An arsenic-accumulating, hypertolerant brassica, Isatis capadocica

Authors

  • Naser Karimi,

    1. Institute of Biological Sciences, University of Aberdeen, Cruickshank Building, St Machar Drive, Aberdeen, AB24 3UU, UK
    2. Department of Biology, University of Isfahan, Isfahan, Iran

    1. Department of Biology, University of Isfahan, Isfahan, Iran

    1. Institute of Biological Sciences, University of Aberdeen, Cruickshank Building, St Machar Drive, Aberdeen, AB24 3UU, UK
    2. School of Chemistry, University of Aberdeen, Meston Building, Meston Walk, Aberdeen, AB24 3UE, UK

    1. School of Chemistry, University of Aberdeen, Meston Building, Meston Walk, Aberdeen, AB24 3UE, UK

    1. Institute of Biological Sciences, University of Aberdeen, Cruickshank Building, St Machar Drive, Aberdeen, AB24 3UU, UK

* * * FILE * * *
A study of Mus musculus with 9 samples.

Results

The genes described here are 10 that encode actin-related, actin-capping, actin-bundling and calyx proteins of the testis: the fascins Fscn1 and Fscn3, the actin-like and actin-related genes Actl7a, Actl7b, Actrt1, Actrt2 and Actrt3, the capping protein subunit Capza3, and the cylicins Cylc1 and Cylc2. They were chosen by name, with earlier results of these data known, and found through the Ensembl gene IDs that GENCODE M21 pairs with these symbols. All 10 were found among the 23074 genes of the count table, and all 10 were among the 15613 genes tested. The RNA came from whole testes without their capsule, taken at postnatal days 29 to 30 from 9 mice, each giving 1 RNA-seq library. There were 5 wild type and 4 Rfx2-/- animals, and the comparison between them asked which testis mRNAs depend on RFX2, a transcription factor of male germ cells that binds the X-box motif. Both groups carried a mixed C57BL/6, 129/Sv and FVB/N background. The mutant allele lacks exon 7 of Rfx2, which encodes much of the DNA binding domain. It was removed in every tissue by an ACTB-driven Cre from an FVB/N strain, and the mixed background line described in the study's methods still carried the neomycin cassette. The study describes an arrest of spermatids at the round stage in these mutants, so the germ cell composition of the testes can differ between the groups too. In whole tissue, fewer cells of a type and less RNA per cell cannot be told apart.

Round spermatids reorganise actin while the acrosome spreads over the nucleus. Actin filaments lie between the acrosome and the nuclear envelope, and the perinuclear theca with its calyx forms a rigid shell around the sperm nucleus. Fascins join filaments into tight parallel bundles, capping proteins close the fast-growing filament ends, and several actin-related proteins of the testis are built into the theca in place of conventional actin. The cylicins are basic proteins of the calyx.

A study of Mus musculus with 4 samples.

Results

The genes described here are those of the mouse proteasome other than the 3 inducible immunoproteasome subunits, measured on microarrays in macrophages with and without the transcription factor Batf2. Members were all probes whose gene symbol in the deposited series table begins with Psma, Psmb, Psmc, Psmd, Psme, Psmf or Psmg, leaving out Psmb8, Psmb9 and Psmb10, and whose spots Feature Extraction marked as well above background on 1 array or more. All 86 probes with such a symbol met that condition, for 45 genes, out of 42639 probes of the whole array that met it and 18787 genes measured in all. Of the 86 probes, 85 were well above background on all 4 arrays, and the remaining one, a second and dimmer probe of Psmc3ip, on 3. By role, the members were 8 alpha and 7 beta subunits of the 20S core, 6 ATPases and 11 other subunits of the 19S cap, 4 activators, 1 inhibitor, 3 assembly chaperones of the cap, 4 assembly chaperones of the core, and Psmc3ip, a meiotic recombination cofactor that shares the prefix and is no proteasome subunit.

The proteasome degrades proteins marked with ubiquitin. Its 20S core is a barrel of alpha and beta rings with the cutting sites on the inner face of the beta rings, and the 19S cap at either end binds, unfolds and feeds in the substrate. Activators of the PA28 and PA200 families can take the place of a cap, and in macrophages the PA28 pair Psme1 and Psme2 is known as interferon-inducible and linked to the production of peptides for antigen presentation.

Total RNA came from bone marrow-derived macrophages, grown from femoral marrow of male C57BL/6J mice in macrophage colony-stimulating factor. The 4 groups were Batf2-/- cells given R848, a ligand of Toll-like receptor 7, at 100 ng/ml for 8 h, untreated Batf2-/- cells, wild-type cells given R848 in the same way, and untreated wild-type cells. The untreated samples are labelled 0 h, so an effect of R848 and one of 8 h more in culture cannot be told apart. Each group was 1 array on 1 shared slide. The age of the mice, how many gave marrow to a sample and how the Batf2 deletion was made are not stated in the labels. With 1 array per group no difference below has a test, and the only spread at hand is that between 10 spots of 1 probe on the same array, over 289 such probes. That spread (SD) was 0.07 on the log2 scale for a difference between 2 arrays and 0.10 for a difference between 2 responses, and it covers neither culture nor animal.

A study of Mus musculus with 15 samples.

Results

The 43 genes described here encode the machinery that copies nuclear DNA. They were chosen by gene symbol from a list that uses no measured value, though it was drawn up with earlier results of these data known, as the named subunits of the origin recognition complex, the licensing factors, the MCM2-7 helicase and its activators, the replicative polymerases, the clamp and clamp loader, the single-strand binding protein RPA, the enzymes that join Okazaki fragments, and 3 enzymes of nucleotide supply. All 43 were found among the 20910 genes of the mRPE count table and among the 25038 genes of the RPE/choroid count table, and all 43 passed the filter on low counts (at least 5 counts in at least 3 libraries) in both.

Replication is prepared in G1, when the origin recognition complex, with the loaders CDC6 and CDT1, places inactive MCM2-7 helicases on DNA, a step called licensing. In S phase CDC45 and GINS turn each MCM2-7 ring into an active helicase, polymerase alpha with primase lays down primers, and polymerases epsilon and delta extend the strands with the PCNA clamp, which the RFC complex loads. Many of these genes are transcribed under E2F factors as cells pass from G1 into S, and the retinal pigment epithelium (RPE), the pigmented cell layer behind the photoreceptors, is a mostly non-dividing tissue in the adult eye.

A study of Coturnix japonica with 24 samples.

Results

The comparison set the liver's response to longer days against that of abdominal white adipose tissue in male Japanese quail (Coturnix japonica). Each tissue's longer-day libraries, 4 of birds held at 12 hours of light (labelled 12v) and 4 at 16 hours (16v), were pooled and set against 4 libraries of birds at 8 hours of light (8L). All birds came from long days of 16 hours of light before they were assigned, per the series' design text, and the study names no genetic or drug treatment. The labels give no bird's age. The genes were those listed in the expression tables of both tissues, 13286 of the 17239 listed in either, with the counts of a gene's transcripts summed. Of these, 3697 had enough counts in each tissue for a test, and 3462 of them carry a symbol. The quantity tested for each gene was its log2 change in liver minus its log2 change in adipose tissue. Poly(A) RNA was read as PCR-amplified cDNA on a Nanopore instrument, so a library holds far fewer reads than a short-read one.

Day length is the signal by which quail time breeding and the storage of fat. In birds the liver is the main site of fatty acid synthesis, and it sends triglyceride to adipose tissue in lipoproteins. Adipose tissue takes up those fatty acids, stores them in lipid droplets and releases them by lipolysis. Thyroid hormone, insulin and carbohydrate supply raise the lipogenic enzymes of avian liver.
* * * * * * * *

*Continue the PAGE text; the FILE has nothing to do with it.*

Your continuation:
A. A. Meharg
Tel:+44 (0)1224 272264
Email: a.meharg@abdn.ac.uk

Summary

  • • Isatis capadocica, a brassica collected from Iranian arsenic-contaminated mine spoils and control populations, was examined to determine arsenate tolerance, metabolism and accumulation.
  • • I. cappadocica exhibited arsenate hypertolerance in both mine and nonmine populations, actively growing at concentrations of > 1 mm arsenate in hydroponic solution.
  • • I. cappadocica had an ability to accumulate high concentrations of arsenic in its shoots, in excess of 100 mg kg−1 DW, with a shoot : root transfer ratio of > 1. The ability to accumulate arsenic was exhibited in both hydroponics and contaminated soils.
  • • Tolerance in this species was not achieved through suppression of high-affinity phosphate/arsenate root transport, in contrast to other monocotyledons and dicotyledons. A high percentage (> 50%) of arsenic in the tissues was phytochelatin complexed; however, it is argued that this is a constitutive, rather than an adaptive, mechanism of tolerance.